The inner-city light welter was edged out by European Junior champion Callum Walsh at the Irish Under-18s last year, a decision he disagreed strongly with, and a subsequent broken hand further stunted his progress.
However, O’Leary has stayed strong and kept building – and the past month has seen him make a major statement of intent.
The 18-year-old scored three impressive wins on the bounce against older internationally-experienced opposition to claim the Irish Under-22 title. Following wins over Shane Flavin and Michael Avetisian, O’Leary defeated Matthew McCole on Friday in the decider in front of a massive Dublin crowd.
Looking back on the final, the younger cousin of pro Bernard Roe told Irish-Boxing.com that “I found my distance, I found my timing, I was very good in places tonight.”
“I knew he was going to be awkward, he’s long and skinny and very rangy. I knew I had to get in with a high guard and work. I knew I could outwork him.”
O’Leary will likely head to the European Under-22 Championships in Russia in March but h will also make an early assault on the new 63kg light welterweight division in next month’s Irish Elite Seniors.
It’s the culmination of a lot of hard work from the Dublin Docklands teen in the face of repeated disappointments.
Missing out on the European Youths stung, but O’Leary is now operating at a far higher level.
He recalled how “I thought I got that [v Walsh] – I was happy enough with the performance I put in – I thought I got it and so did everyone else in the Stadium but that’s the way boxing is.”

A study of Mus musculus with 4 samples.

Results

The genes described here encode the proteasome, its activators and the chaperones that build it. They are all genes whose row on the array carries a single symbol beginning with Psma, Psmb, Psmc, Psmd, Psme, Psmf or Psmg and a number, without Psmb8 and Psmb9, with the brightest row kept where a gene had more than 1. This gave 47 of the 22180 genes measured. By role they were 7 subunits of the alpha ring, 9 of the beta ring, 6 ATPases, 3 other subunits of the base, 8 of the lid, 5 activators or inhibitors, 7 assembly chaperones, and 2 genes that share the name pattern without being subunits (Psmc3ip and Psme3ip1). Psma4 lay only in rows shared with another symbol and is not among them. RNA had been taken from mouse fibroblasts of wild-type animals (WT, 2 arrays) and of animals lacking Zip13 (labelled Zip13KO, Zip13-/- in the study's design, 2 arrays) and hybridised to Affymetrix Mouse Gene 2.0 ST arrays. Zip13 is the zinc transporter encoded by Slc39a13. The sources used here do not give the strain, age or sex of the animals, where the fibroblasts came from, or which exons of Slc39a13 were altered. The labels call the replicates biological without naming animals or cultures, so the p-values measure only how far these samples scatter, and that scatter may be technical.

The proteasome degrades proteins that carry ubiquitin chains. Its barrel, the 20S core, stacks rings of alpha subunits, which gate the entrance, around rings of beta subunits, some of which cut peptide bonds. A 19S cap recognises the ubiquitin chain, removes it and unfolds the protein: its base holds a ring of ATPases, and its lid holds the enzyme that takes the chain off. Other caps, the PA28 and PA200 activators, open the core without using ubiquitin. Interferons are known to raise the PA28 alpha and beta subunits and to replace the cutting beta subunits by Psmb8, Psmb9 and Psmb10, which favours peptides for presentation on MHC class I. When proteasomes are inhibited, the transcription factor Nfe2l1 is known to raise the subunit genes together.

“I’ve come back stronger from last year – with the breaks in the hand as well. I had a broken hand but I never stepped out, I was still doing work, getting my sprints in, doing my cardio, even when I had a cast on.”
Essentially a full-time fighter, O’Leary is well-known in Dublin circles and has been around the gyms sparring with some top pros.
It’s all part of the process for ‘Big Bang’ who hopes to have an edge when he steps into the international realm.
O’Leary explained how “I’ve been getting good rounds with Davey Oliver Joyce and Gary Cully.”
“The sparring with Gary helped me because he’s similar to the guy who was in the ring with me tonight. I learn a lot from him, we learn together. Him being so big and awkward, when you get out to Eastern Europe to fight the Russians and the Kazakhs, they’re all like that, they’re all difficult.”
Aside from his exciting pro style, what was especially notable about O’Leary’s fight was the large amount of people that were in attendance.
There is a buzz about the youngster and top middleweight Luke Keeler was one of thos in attendance.
Rather than added pressure, O’Leary notes how the support drives him on after what could be described as a dark 2018.
“It gives me a boost, knowing I have so much support,” he admits.
“I’ve a great support structure, they’re all amazing and they know the work I put in.”
“2018 was nothing but failure but I worked hard and getting in the ring today, having the hand raised, and looking it was amazing, seeing all the people there.”